Danny Danny is offline


David,

Thanks again for your detailed answers. I fear that this thread may be veering a little of topic (although maybe not), but I am reluctant to pass up the opportunity to pick your brains on these anatomical subjects.

First of all, it may help to acknowledge that d-breathing is not a complete solution to all problems. I am not sure to what extent it is playing a role in my hip and lower back issues, but some of the things you mentioned may point to other issues as well. I read somewhere that the lower spine should tilt up a little like a candy cane when standing properly, and as soon as I started focusing on this my lower back issues greatly improved. Your comments below indicate that I might have a tight psoas, which is why I need the glutes to counteract this. The pulling of my lumber spine forward when I slouch in my chair while working is a prime suspect as cause for this. So I have been working on these issues and it affords me a much greater level of comfort when walking and standing. Especially in the morning just after I get up, bending over can be an issue and paying attention to these things helps there too.

Should I be trying to stretch out my psoas and if so how?

Right now I focus on doing these things consciously. I don't know whether or not my glutes can maintain this level of work indefinitely, but they certainly suffice to walk comfortably 6-8 miles.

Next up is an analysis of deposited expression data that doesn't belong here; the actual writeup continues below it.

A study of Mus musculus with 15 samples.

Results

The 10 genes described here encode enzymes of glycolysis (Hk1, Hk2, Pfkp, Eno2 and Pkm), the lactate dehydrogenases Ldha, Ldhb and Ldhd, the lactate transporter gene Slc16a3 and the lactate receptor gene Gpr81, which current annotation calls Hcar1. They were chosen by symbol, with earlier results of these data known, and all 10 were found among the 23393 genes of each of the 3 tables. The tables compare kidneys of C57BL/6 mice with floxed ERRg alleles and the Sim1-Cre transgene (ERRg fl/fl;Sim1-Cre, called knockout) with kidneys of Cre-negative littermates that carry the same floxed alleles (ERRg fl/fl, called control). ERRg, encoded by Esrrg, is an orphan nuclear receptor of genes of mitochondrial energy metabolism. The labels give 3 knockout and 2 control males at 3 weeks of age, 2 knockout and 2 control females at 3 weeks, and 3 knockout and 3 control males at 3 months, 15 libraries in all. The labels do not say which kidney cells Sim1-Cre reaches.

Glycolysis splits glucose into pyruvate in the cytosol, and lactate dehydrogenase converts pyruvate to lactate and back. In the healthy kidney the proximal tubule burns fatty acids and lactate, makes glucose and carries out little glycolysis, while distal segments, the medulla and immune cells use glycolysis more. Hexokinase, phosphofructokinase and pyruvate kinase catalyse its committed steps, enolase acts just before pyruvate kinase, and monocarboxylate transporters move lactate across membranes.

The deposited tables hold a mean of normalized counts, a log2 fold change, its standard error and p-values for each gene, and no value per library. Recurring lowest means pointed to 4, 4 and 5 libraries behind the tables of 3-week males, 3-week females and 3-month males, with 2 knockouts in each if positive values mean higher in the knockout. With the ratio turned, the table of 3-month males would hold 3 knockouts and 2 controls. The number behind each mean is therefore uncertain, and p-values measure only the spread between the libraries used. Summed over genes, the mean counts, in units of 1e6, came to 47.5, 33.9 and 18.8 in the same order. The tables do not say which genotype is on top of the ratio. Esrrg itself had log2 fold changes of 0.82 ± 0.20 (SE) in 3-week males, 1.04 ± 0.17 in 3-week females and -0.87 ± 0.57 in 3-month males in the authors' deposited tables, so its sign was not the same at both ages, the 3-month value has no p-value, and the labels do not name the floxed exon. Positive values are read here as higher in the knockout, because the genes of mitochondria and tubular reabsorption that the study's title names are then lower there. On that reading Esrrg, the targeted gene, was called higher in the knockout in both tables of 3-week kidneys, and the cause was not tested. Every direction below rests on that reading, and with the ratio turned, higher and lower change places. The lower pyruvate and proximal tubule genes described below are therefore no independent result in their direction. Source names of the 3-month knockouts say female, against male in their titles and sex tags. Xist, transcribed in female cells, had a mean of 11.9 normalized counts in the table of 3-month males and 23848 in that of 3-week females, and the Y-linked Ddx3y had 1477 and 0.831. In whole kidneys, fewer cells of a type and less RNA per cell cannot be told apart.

As for swimming, my focus is more on maintaining a level position in the water, and my head and upper body position seem to play the biggest role in doing this. During swim rotation, the hips rotate, not only up and down, but also forward (as you reach with the spear) and back (as your recovering hand comes out of the water). If this motion is not coupled smoothly with the shoulder and spear, there is a Kachunk, Kachunk feeling in the rotation. When the timing of all of these things are well tuned to each other, it feels as if my spine is remaining motionless and the rotation is occurring around it smoothly and without disturbing the position of my body axis. This is what I aim at. It may be that d-breathing plays an important role in all of this, but my sense at this point is that the timing of my shoulders and hips are the low hanging fruit in this optimization problem for me, at least right now.

Thanks again for your willingness to go after these issues with me.